November 8, 2018
What initially began in 1942 with three Oklahoma conservationists brainstorming about how to get local youth interested in the field of soil science and management of soils, has since grown to be a nationwide program to engage students in deepening their soil science skills in a compelling, competitive context. Such contests challenge students to develop their ability to evaluate a site’s capacity for agricultural uses based on hands-on probing of the soil in a pre-dug pit, looking also at soil colors, textures, layers, depths and slope.
Each carefully-structured competition includes guidance and scoring by professional soil scientists. Such hands-on, contextual learning is uniquely valuable given the complex nature of soils and landscape, not to mention the opportunity to interact with professionals and exposure to related career opportunities. Land Judging contests are a collaboration between the Future Farmers of America (FFA), Resource Conservation Districts, agricultural education teachers and (in California) Cal Poly San Luis Obispo.
This year, RCDMC will host its 4th land judging contest in recent years on a Salinas Valley farm, as hosted by Rincon Farms and the Buena Vista Grange out amongst vegetable fields with the Gabilan Mountain Range to the east and the Sierra de Salinas to the west. Land judging contests have a long history in Monterey County, a tradition we are proud to carry forward. Prizes in Monterey County include scholarships to the California Natural Resources and Range Conservation Camp, a week-long summer camp at Elkus Ranch near Half Moon Bay. Winners also have the opportunity to advance to regional, state and national FFA-sponsored competitions.
A typical Land Judging contest is hosted at one or more farms or ranches where a set of 3-4 foot deep ‘pits’ representing distinct soil and landscape characteristics (row crop, orchard, and hilly rangeland, for example) have been dug and prepared to enable viewing and evaluation of the earth beneath the topsoil. Prior to the event, each pit is evaluated and its soil layers staked by a soil scientist from either RCDMC or USDA Natural Resources Conservation Service (NRCS) using a standard Land Judging contest form to provide a standard against which student-contestants’ efforts are later scored. In Monterey County, each contest begins with a brief review of soil science and land use principles and the contest-specific soil assessment methods and Land Judging score cards prior to actual competition. Ken Oster, an NRCS Soil Scientist who has been leading Land Judging contests for over 30 years, routinely advises the students to look around and pay attention to their surroundings. “Walk around the field and look at what’s happening. Look at how the land forms, elevation, and where the hills and river are located. Notice how the soil changes with the landscape. Kick the soil. This is something that anyone can do without tools.”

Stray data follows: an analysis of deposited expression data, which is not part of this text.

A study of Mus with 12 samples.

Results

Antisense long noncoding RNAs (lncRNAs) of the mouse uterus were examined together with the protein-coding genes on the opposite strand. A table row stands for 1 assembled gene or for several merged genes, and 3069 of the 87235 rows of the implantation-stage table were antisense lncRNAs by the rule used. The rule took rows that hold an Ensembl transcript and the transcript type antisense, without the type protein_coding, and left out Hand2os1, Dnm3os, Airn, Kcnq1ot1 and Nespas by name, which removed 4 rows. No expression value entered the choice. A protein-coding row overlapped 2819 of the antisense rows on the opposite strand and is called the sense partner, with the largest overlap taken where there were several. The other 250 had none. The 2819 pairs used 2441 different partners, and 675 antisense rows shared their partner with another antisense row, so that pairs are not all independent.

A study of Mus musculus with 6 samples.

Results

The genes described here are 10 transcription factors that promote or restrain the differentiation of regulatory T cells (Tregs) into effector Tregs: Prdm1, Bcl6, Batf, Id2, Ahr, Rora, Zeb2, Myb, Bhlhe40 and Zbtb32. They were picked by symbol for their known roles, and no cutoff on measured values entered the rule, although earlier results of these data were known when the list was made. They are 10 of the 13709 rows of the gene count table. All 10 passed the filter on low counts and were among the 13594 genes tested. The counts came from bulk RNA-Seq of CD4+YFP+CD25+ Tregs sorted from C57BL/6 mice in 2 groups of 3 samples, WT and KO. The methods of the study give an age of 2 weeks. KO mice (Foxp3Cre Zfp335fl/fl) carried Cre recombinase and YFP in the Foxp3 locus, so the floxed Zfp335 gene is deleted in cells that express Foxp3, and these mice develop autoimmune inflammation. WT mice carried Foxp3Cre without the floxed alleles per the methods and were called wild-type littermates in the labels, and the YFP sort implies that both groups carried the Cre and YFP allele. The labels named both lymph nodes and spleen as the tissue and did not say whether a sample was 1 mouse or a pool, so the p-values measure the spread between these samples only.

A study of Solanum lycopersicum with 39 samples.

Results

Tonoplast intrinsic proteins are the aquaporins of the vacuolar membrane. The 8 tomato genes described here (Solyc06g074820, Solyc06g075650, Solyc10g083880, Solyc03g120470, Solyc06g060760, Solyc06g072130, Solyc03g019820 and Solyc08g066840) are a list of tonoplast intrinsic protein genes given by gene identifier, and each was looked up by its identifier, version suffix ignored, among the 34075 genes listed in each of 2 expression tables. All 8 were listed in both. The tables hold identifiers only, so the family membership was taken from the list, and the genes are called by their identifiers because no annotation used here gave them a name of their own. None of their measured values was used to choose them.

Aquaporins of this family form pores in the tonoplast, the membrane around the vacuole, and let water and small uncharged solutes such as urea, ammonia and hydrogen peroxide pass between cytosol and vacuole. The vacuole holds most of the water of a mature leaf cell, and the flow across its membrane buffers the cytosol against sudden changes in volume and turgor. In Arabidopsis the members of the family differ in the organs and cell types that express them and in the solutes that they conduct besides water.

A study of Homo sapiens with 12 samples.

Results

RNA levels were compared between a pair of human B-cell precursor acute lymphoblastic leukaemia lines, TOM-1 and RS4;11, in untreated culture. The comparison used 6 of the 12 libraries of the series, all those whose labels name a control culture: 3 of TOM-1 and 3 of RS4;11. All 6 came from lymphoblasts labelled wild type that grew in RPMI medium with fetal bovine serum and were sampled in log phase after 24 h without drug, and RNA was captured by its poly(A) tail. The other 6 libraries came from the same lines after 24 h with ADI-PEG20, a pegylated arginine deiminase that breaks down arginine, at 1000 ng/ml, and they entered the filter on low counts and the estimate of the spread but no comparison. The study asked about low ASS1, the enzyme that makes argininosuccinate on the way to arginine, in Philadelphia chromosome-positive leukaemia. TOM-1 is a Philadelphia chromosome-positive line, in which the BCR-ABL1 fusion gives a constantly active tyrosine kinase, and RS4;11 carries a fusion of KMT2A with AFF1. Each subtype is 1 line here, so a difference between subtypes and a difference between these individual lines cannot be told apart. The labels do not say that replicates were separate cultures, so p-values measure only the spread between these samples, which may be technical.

Each Land Judging pit site includes the toolkits students will need to conduct their land judging-- a water bottle, tape measure, slope finder and soil probes. Students are allowed 20 minutes to assess the characteristics of each pit and adjacent land surface, using individual score cards and provided toolkits. In addition to noting observed soil and land surface characteristics, students must also interpret them in relation to their effects on plant rooting depth, water penetration, water holding capacity, erosion and flooding. Taking all these factors into account, the student judging the land ultimately classifies it based on its land capability for agriculture and rates the land for other land uses like building sites or wildlife and recreation.
Past participants have confirmed the value of the contest in their own words. Kyla Monroe, who was high school senior from North Salinas High School when she won last year’s 2017 competition, appreciated the contest specifically because it was a hands-on experience. “We were allowed to go into the pit and touch the soil, work with it, and test it—and they (soil scientists) taught us how to do it.” Jacob Dixon, 2016 land judging contest winner from Watsonville, found that he not only learned about soil science, but also how to “describe soils and apply them to different land uses.” “By assessing soil,” he said, “We learned how to figure out the different uses for the land, for example—if an area is more suited to agriculture or if it is good for building houses, including those with septic tanks. Or if there was a river in the area before, then how that would affect the land.”
According to both Jacob and Kyla, students should jump on the opportunity to participate in the land judging contest because they also provide an opportunity to learn about the different career paths that are available for those interested in soil and agriculture. As Jacob put it, it’s an opportunity “to learn about careers that a lot of people don’t think about.” Kyla’s advice to students who might be on the fence thinking about participating, “Definitely do it; it is a great learning experience, even if you don’t know what you’re doing. It’s a great tool for anyone to have in their back pocket. You may even go to College for it.”